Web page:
There is a certain race of men, that either imagine it their duty, or make it their amusement, to hinder the reception of every work of learning or genius, who stand as sentinels in the avenues of fame, and value themselves upon giving ignorance and envy the first notice of a prey.
To these men, who distinguish themselves by the appellation of Critics, it is necessary for a new author to find some means of recommendation. It is probable, that the most malignant of these persecutors might be somewhat softened, and prevailed on, for a short time, to remit their fury. Having for this purpose considered many expedients, I find in the records of ancient times, that Argus was lulled by music, and Cerberus quieted with a sop; and am, therefore, inclined to believe that modern critics, who, if they have not the eyes, have the watchfulness of Argus, and can bark as loud as Cerberus, though, perhaps, they cannot bite with equal force, might be subdued by methods of the same kind. I have heard that some have been pacified with claret and a supper, and others laid asleep with the soft notes of flattery.—The Rambler.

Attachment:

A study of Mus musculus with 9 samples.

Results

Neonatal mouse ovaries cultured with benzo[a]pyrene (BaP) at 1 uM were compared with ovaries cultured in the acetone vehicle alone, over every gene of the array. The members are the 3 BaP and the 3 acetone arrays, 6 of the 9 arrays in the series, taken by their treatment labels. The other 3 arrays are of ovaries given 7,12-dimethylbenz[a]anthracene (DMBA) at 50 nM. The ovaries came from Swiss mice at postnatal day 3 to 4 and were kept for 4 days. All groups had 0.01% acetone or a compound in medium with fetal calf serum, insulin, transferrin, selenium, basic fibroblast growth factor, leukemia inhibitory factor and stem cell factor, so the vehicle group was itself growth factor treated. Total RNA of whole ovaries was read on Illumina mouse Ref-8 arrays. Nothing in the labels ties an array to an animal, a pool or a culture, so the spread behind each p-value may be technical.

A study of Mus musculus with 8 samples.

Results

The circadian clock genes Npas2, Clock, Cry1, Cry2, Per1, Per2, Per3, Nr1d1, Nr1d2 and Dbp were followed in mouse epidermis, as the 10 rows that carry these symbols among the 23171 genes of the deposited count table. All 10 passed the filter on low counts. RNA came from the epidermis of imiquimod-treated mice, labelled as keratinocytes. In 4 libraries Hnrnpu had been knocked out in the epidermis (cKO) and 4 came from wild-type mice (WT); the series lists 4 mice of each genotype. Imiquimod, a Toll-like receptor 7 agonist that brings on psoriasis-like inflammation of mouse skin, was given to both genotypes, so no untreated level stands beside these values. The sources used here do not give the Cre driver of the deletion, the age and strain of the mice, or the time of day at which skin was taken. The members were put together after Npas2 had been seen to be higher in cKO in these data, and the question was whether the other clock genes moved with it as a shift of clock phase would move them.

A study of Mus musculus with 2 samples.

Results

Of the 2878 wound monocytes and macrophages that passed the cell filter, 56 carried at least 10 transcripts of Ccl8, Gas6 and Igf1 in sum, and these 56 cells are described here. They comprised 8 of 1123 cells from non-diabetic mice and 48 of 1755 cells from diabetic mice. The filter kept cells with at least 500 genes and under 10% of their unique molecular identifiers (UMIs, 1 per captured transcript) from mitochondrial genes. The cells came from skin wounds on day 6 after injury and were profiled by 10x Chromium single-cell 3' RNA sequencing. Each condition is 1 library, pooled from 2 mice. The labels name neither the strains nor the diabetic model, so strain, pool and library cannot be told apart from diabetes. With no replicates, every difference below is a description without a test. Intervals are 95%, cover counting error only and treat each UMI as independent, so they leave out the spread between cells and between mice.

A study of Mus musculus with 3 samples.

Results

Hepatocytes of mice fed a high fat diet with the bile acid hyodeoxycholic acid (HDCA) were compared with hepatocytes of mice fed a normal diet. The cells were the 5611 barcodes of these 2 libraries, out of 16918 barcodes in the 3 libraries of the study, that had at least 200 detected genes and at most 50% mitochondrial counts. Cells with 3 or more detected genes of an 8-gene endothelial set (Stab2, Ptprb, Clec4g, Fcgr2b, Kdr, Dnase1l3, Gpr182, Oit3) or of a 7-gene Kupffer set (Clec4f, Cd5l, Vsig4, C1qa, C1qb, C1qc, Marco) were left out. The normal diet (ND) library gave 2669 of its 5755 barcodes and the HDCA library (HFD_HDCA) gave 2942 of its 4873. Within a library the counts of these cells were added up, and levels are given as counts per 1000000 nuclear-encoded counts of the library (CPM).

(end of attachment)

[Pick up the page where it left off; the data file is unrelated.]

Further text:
I care not one single curse for all the criticism that ever was canted or decanted, or recanted. Neither does the world. The world takes a poet as it finds him, and seats him above or below the salt. The world is as obstinate as a million mules, and will not turn its head on one side or another for all the shouting of the critical population that ever was shouted. It is very possible that the world is a bad judge. Well, then— appeal to posterity, and be hanged to you—and posterity will affirm the judgment, with costs.—Noctes Ambrosianae, Sept., 1825.
Our current literature teems with thought and feeling,—with passion and imagination. There was Gifford, and there are Jeffrey, and Southey ... and twenty—forty—fifty—other crack contributors to the Reviews, Magazines and Gazettes, who have said more tender, and true, and fine, and deep things in the way of criticism, than ever was said before since the reign of Cadmus, ten thousand times over,—not in long, dull, heavy, formal, prosy theories—but flung off-hand, out of the glowing mint—a coinage of the purest ore—and stamped with the ineffaceable impress of genius.—Noctes Ambrosianae, April, 1829.
The cause of a wrong taste is a defect of judgment.
We must not underrate him who uses wit for subsistence, and flies from the ingratitude of the age even to a bookseller for redress. OLIVER GOLDSMITH.
The critical faculty is a rara avis; almost as rare, indeed, as the phoenix, which appears only once in five hundred years. ARTHUR SCHOPENHAUER.
The Supreme Critic ... is ... that Unity, that Oversoul, within which every man’s particular being is contained and made one with all other. R. W. EMERSON.